Alma López's Our Lady
Santa Fe, New Mexico
Updated May 25, 2001

A computer-edited photo collage by Los Angeles artist Alma López triggered a heated controversy in Santa Fe, New Mexico.

On May 23, 2001, the Museum of New Mexico Committee on Sensitive Materials recommended that the work remain on display. We congratulate the Committee's decision and applaud the Museum's responsible way of handling the controversy through public programming and discussions where all sides were able to express their positions. It is regretful, however, that as a compromise the duration of the whole exhibit was shortened by several months. We hope that this action will not set a pattern of compromise where the desire to avoid conflict trumps the right of artists to express unpopular ideas and the right of the audience to see challenging work.

Background: "Our Lady," the piece which some members of the Santa Fe Catholic community found offensive, is a digital photograph representing the Virgin of Guadalupe. While familiar Guadalupe imagery is present—the rays of light, the cloak, the roses, the crescent moon, the angel—the virgin herself is represented by a photograph of a friend of the artist, hands on her hips and head raised, her robe open and revealing rose-laden undergarments. The angel below is represented by a topless woman, arms outstretched and butterfly wings extending from her shoulders and breasts. According to the artist, the idea was to portray the virgin as a strong and nurturing woman very much like the women in the community Alma López grew up in.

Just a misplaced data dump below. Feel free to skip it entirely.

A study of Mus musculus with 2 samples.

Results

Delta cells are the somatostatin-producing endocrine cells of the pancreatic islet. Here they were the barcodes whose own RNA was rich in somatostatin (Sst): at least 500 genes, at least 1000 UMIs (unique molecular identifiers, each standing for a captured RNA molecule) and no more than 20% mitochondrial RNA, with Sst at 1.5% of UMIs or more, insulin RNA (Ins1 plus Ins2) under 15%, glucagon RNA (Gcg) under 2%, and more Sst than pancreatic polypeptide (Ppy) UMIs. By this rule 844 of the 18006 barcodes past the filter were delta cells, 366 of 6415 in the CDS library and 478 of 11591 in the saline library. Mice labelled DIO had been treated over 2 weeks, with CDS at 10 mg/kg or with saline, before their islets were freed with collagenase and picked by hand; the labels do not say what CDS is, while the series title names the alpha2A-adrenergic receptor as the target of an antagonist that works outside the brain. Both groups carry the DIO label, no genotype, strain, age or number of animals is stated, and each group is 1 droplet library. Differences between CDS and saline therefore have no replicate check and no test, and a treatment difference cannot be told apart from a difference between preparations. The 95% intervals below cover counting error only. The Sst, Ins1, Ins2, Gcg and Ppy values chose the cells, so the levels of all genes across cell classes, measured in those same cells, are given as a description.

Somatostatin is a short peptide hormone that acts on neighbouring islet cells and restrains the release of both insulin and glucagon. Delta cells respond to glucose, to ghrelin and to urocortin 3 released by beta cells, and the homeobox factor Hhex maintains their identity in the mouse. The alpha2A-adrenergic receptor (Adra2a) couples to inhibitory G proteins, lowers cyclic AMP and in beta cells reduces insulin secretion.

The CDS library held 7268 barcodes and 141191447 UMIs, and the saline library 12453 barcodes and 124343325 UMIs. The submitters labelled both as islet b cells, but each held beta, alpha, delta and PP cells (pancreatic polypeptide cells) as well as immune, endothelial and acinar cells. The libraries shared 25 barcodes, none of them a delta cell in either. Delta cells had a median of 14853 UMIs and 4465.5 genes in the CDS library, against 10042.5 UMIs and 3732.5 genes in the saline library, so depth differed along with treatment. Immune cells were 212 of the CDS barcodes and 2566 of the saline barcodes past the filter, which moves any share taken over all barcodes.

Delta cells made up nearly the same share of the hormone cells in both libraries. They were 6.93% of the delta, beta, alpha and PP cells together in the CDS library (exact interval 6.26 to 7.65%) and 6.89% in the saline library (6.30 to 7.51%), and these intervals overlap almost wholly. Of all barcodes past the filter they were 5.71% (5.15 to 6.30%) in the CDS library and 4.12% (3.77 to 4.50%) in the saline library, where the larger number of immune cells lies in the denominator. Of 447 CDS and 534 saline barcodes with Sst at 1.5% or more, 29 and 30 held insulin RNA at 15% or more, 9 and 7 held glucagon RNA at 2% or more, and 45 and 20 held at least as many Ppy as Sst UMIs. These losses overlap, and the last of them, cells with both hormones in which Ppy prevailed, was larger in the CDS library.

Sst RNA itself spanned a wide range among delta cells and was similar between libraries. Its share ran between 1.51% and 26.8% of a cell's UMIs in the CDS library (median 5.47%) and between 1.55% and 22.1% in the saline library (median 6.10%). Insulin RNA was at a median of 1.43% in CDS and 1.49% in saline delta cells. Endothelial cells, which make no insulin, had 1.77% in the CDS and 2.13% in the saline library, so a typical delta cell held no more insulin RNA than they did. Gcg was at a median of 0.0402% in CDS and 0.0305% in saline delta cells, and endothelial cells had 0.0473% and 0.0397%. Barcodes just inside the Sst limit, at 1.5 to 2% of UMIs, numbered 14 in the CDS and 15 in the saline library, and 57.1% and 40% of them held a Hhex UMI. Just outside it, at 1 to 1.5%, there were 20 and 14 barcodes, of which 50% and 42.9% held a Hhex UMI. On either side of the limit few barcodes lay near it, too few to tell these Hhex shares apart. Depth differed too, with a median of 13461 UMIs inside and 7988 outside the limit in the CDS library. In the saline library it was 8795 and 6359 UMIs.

You can see the work at her website. The controversial piece is part of Cyber Arte: Where Tradition Meets Technology (through October 28, 2001), an exhibition featuring computer-inspired work by contemporary Hispana/Chicana/Latina artists, who combine elements traditionally defined as "folk" with current computer technology to create a new aesthetic.

Critics, including Roman Catholic Archbishop Michael Sheehan, have called the piece insulting and sacrilegious and called for its removal from the museum.

So far museum officials have said they have no intention of pulling López's piece. Gov. Gary Johnson has also spoken in defense of free expression: "For those that are opposed to the painting, I respect their views on it. They don't have to go see it. For those that are standing up and vociferously voicing their opinion that ... this is free speech, (that's) their right also."

The governor observed: "If you take it down, then where do you draw the line on the next piece of art?"
Even though we regret the decision to remove the exhibit in October—several months before its scheduled closing in February—we support the museum and the responsible way in which the controversy was handled. We applaud their ability to find a way to both hear the position of those protesting and also to stand by the free expression rights of the artist by leaving her work on display.

A critique of religious beliefs frequently provokes an extreme emotional reaction of offense or anger. However, there are many ways to express this reaction, which do not entail going against the founding principles of the United States: the separation of church and state and the right to free speech. In fact, as early as 1952 the U.S. Supreme Court held that the constitutional guarantee of free speech and press prevents a state from banning a film on the basis of a censor's conclusion that it is sacrilegious. That decision would equally apply to art that is felt to be blasphemous.